Traducción de rhyming slang en Español:

rhyming slang

Pronunciación ///ˈraɪmɪŋ ˌslæŋ/

nombre

  • 1

    argot en el que se sustituye una palabra determinada por otra palabra o locución que rime con ella
    • I taught him Cockney rhyming slang, like ‘apples and pears, dog and bone, whistle and flute’.
    • Her name is Cockney rhyming slang for rain of course.
    • In the backstreets of London, his unofficial languages included rhyming slang, back slang, and a variant of London back slang known as ‘aiga’.
    • It tends to be very colourful in its metaphors, and use of such devices as rhyming slang is quite common.
    • For our American readers, ‘barnet’ is Cockney rhyming slang for hair (as in Barnet Fair).
    • Cockney rhyming slang is enjoying a renaissance, so you may hear a series of very strange sounding phrases whose meaning is fairly obscure.
    • For those readers not familiar with 1970s UK police series, or Cockney rhyming slang, ‘tea leaf’ = thief.
    • Perhaps she was trying to distance herself from the Chloe image, but the outfits, which included T-shirts with cockney rhyming slang, went down like a lead balloon.
    • Related to reduplicates is Cockney rhyming slang, one of my favorite ‘features’ of the English language.
    • Swayze, it turns out, is Cockney rhyming slang for ‘crazy’.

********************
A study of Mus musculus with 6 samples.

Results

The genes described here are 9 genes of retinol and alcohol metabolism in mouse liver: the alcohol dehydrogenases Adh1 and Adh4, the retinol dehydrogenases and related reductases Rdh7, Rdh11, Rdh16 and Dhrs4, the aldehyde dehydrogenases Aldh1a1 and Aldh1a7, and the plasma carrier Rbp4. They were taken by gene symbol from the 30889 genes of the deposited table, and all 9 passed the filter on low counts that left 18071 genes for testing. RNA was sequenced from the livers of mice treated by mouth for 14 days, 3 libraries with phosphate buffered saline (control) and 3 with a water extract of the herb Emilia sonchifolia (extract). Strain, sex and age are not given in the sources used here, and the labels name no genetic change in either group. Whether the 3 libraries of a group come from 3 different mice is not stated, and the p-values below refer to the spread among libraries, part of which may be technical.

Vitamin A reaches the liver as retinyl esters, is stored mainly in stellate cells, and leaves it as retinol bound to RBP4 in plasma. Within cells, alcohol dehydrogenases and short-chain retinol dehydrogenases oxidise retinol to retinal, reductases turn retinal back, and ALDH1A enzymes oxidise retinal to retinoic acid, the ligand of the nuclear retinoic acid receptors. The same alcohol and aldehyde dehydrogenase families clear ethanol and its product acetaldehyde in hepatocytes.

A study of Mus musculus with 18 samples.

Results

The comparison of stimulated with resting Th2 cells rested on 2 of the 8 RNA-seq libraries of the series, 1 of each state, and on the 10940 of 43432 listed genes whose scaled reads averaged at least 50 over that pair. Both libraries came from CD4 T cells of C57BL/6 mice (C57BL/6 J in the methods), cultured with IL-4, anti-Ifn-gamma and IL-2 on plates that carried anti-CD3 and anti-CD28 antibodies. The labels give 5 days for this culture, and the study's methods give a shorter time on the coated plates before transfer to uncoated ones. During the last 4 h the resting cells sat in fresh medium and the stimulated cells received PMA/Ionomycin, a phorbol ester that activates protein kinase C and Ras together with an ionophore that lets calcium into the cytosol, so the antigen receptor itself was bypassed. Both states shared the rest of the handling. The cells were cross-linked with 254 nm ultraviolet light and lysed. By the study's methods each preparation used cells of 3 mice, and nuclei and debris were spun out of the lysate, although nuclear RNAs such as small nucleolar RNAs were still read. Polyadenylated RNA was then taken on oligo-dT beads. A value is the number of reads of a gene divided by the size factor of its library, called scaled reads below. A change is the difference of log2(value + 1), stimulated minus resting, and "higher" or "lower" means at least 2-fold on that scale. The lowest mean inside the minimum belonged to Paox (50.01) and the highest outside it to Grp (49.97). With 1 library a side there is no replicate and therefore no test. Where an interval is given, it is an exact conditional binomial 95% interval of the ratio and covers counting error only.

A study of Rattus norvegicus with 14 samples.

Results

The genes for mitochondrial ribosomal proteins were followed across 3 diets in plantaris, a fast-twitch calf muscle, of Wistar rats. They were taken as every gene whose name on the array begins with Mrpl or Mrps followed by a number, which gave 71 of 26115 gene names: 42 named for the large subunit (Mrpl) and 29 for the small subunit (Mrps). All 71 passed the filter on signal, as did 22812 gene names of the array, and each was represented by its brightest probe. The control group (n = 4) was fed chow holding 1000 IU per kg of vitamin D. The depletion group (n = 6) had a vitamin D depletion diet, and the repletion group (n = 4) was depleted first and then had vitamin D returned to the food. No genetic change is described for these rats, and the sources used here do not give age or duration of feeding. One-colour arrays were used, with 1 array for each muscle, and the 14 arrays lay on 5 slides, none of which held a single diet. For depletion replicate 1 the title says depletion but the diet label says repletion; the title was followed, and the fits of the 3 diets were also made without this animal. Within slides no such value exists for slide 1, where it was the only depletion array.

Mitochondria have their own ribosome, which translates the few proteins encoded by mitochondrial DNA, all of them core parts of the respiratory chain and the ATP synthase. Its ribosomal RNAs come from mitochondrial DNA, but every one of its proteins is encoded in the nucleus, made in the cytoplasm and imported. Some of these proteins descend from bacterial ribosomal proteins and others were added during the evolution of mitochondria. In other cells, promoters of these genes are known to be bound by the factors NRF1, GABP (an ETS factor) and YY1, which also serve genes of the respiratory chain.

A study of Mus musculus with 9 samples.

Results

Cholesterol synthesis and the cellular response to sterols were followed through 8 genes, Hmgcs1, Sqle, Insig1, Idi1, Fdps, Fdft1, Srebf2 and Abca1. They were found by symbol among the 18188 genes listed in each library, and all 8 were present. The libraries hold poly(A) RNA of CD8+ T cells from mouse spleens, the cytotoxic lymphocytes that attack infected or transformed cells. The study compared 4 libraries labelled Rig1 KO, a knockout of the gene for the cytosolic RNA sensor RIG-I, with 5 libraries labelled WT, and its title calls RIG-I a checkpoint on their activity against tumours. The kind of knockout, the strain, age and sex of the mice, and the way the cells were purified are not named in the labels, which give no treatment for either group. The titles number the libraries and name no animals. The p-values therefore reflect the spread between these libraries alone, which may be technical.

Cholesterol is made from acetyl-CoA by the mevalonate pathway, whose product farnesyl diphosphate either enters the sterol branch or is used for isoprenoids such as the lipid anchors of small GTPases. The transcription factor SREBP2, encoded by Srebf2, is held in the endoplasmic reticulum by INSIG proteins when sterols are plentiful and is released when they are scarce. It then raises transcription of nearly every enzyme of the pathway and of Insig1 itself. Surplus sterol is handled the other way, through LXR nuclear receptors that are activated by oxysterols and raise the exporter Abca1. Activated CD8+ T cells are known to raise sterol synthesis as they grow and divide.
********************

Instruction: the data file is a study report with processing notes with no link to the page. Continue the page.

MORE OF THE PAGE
• Words from Romany (originally an Indian dialect), Shelta (the cant of the Irish tinkers), Yiddish, back slang, rhyming slang and other non-standard English are interspersed with words of Italian origin.
    • He is a refreshing change from the spate of cockney rhyming slang characters and bumbling ex-footballer hardmen that riddled previous gangster films.
    • Now that it's become part of mainstream culture, Cockney rhyming slang is being used in an ingenious way to promote an institution on the wane in Britain - the church.
    • ‘The custard’, incidentally, is supposedly cockney rhyming slang for telly: custard and jelly.
    • Named after the Londoners who invented it, Cockney rhyming slang uses a group of words, the last of which rhymes with whatever's being referred to.
    • Of all types of slang, perhaps the best known is Cockney rhyming slang.
    • Trouble & Strife is cockney rhyming slang for wife.
    • He went round the office saying, ‘What is that cockney rhyming slang for?’
    • There are some interesting Australian examples of this truncated rhyming slang.
    • He would use rhyming slang for words that were slang already.